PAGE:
Choosing a renewable home for Viking, our new and improved high performance compute facility.

Project overview 

The University has invested £2.5m to build a new Viking high-performance compute facility. This facility is significantly bigger than the previous system, and will allow us to undertake more research for the public good.

Viking is used to complete high performance computing tasks and supports research and teaching at the University. At least £20m worth of research grants is associated with our previous high-performance compute facility in Leeds. 

High-performance computing (HPC) however consumes a lot of energy and produces a lot of heat.

To tackle this problem, we have moved our computer cluster to EcoDataCenter in Sweden.

Everything about EcoDataCenter is designed to reduce the CO2 footprint. It is the world’s first data centre to be made from wood and runs on 100% renewable energy; 75% from hydropower and 25% from wind power.  

The data centre uses the heat created by the computer clusters to dry wood and create pellets which are a renewable energy source. EcoDataCenter is dedicated to building data centers in the most sustainable way possible to support the world's increased need for digitalisation and sustainability. This means our research computing is not only net-zero but has minimal environmental impact as most of the heat is re-used. 

To help in the transition from our previous HPC facility to EcoDataCenter, we purchased time on a small data centre from start-up Deep Green. The excess heat created by the data centre is used to heat a public swimming pool. Read more about Deep Green and how the data centre works.


The new facility went live at the end of October 2023. 


The increased capacity of Viking 2 will allow us to complete more research for public good, strengthening our position as one of the world's premier institutions for inspirational and life-changing research. Viking is free for all members of staff to use.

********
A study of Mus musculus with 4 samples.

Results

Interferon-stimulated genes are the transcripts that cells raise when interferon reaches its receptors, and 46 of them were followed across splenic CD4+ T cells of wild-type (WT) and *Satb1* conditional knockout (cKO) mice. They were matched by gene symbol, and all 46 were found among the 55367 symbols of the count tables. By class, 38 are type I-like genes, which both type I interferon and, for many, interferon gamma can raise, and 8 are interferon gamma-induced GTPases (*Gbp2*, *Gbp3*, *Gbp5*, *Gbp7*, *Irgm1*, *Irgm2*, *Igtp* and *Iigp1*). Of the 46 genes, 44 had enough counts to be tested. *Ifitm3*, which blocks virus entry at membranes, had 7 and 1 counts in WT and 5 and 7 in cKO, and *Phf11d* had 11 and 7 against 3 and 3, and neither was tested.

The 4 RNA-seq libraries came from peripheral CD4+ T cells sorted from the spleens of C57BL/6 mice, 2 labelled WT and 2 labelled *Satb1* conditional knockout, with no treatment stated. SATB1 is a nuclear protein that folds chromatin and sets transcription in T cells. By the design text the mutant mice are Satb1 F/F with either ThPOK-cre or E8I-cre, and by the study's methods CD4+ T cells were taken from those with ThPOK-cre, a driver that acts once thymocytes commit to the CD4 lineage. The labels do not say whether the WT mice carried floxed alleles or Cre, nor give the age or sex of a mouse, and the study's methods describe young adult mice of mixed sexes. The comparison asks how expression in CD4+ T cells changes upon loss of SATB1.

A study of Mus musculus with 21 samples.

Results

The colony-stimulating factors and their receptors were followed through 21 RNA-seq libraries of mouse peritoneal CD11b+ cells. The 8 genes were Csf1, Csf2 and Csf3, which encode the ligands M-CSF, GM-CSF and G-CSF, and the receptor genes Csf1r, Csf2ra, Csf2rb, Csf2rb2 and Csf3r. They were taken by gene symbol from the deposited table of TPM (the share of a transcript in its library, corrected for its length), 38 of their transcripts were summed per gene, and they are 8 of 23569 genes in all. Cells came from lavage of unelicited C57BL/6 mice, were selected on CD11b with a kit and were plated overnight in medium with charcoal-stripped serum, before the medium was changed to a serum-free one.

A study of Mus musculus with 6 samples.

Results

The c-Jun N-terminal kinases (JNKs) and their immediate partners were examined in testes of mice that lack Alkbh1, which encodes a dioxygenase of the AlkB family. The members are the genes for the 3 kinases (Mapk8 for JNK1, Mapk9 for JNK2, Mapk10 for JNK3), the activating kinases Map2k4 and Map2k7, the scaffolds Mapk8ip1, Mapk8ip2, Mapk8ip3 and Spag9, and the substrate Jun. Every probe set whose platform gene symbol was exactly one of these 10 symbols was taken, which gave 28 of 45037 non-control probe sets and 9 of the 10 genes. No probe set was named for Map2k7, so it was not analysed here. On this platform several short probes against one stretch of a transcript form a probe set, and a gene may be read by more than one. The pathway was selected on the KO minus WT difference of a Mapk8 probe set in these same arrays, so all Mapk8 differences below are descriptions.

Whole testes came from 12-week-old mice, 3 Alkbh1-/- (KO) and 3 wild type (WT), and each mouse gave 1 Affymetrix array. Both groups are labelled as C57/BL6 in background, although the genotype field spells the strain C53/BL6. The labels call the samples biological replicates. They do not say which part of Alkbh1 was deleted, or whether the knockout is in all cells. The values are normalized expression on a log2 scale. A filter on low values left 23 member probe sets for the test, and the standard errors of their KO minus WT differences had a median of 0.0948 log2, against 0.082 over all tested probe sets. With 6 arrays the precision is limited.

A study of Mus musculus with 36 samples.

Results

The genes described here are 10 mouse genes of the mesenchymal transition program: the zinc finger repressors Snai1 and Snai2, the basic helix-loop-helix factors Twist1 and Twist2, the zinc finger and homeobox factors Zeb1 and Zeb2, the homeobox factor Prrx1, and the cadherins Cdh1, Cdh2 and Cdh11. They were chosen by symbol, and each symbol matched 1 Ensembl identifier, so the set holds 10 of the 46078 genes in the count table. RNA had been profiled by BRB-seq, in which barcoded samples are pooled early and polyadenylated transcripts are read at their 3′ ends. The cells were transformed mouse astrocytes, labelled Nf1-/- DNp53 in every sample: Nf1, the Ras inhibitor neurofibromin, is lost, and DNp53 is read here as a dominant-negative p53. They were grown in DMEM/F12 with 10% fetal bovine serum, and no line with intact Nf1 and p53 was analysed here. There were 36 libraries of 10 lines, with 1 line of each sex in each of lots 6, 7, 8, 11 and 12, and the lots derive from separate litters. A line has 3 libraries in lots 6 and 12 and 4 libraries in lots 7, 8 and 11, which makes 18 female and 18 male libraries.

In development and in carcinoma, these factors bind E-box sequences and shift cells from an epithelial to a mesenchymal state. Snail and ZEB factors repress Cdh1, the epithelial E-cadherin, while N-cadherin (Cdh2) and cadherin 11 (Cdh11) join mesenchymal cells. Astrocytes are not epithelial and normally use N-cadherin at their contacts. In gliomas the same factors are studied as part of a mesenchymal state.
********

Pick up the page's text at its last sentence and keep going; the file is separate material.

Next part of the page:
Current high energy costs would have made it difficult to purchase and run a computer cluster the size that we need. Staying at our old facility would have meant having to use a smaller cluster than Viking 2. 

Moving to EcoDataCenter was not only more cost effective, providing us with an increased capacity cluster for a reduced price compared to staying at our old facility, but it also allows us to take a sustainable approach to our research computing. We are one of the first universities to do this, leading the sector in sustainable high performance computing.


The benefits of the project include:

  • research computing which has minimal impact on the environment 
  • heat created by our compute clusters helps to create a renewable energy source 
  • an improved service for users
  • increased capacity means we can undertake more research for the public good 
  •  we are leading the sector in sustainable high performance computing.